My best memories of high school involved laughter after swim practices, creating layouts in the yearbook classroom, learning percussion pieces, and having great mentorship in excellent teachers.
However, my worst were positions that I or other well-intentioned people put myself in or what I think of as homecoming court. I had many wonderful memories from high school but for the most part, I didn't like my experience. It seems silly because I can account for beautiful friendships and great times, but people can be mean and the school system continually failed at monitoring bullying. I was honored to be nominated for homecoming court but the problem is that most of these events are a giant popularity contest. While I was well-liked in my peer groups, I wasn't a popular kid and instead of enjoying my experience of being nominated, I was just stressed out. I had to change my slogan several times to fit school policies and it ended up being something that I didn't really like but I went with anyways. I spent my paychecks getting posters made and my parents invested in t-shirts because that was a big thing back then. It was legitimately a full campaign. The girl who won wasn't even there on voting day but she had pretty flawless popularity. People had even witnessed her friends tearing down my posters, which was pretty mean. An opportunity that I had wanted to be a part of so badly was ruined by flawed expectations that I had. If I could go back, I would tell high school Kim to just enjoy everything and not worry so much. I disliked being on homecoming court so much that when I was nominated for two more different courts, I was dreading it.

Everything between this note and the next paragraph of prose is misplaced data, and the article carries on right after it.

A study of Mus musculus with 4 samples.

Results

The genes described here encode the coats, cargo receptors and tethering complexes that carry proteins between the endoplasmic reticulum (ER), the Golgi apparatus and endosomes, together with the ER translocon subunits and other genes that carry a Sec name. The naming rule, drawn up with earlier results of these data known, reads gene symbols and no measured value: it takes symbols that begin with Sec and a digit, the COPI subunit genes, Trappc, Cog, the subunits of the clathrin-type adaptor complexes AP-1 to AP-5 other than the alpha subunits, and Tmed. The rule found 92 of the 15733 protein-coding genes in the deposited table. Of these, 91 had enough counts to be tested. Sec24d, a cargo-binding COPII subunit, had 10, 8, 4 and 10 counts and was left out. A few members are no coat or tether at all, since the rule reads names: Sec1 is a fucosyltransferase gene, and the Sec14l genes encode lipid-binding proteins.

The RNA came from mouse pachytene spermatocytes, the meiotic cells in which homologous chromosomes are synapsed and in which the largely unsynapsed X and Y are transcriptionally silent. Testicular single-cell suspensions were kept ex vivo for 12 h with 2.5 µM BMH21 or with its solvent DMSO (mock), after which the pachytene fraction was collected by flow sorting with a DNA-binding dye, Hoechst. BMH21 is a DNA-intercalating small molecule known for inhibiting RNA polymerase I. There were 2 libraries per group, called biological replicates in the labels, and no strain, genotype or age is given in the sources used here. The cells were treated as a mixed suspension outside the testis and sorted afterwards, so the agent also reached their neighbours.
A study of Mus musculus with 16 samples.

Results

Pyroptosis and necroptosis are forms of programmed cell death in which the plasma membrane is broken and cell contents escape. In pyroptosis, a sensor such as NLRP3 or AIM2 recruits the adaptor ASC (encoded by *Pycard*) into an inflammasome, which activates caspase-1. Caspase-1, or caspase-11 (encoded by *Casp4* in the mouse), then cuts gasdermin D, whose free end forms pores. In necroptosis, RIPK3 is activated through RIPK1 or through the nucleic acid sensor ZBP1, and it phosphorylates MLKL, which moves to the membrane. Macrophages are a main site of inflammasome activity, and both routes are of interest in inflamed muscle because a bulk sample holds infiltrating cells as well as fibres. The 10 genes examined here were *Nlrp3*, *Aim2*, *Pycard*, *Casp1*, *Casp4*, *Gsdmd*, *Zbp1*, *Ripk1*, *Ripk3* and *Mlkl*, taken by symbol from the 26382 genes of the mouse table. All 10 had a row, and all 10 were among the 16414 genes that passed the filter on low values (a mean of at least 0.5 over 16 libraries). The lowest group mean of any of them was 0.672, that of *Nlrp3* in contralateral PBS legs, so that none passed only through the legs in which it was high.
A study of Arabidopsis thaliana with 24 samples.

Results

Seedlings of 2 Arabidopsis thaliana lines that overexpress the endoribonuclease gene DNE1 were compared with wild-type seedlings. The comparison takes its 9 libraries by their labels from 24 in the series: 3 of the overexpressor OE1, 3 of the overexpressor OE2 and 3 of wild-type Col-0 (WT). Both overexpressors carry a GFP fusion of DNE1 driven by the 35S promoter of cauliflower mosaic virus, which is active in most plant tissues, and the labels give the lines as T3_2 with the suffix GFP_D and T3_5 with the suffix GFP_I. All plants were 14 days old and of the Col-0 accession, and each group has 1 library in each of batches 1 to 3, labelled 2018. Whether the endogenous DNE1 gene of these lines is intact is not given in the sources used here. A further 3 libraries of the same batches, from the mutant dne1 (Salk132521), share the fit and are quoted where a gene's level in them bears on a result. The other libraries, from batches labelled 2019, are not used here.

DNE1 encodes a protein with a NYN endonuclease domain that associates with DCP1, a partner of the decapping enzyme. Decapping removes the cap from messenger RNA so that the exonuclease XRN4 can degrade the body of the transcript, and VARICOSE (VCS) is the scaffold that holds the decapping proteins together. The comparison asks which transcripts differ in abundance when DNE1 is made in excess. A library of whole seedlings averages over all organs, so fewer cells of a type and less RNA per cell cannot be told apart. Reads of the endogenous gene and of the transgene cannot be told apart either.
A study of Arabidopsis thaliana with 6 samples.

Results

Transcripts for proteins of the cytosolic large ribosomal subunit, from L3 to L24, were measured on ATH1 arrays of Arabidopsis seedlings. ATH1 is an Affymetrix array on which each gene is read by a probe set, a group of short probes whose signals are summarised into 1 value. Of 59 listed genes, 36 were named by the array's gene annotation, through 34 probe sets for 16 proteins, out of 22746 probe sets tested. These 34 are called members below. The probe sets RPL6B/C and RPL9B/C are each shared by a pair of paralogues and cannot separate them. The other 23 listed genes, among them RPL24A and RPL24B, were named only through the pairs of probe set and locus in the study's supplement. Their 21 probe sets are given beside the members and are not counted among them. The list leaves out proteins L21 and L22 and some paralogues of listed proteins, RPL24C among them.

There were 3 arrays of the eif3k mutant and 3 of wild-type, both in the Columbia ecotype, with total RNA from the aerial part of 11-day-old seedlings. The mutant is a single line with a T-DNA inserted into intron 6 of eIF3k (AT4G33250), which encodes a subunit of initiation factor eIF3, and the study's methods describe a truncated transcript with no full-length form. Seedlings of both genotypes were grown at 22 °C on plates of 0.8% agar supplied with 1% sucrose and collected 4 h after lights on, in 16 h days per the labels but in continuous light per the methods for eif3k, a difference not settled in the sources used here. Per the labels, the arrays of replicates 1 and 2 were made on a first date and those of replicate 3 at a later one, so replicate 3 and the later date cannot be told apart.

People who were my friends voted for me and I dreaded being a part of those experiences. That's messed up. I felt like I had failed them and it was difficult being a part of programs where the popular kids always won, regardless if better qualified people were running.
The cake topper was our senior awards night. Brandon and I ended up getting the "most full of ourselves" award and I was mortified. He wasn't there so I walked up to the stage by myself to accept my award and put a big smile on my face. I wanted to disappear. When we were filling out our superlative charts leading up to that awards night, I had left that one blank because I thought it was pretty awful that they even made that a category.
The experiences, though stressful and that last one- horrific, taught me a lot about myself and others. It taught me to enjoy things and to simplify as much as possible. I spent so much time, money, and energy into homecoming. Instead, I should have focused on having fun. I didn't have fun, invested in a campaign that realistically wouldn't win against one of the most popular girls in school, and the experience left a really bad taste in my mouth.
It also taught me that in the simplest of terms sometimes people suck. Though I would never have been mean to any of those kids, they chose to be mean to me. All you can do is love them. Would it have made me feel better to get revenge or say something nasty? No. Treat people the way you want to be treated. Sometimes it's a battle but don't be on the judgmental side at the end of the fight.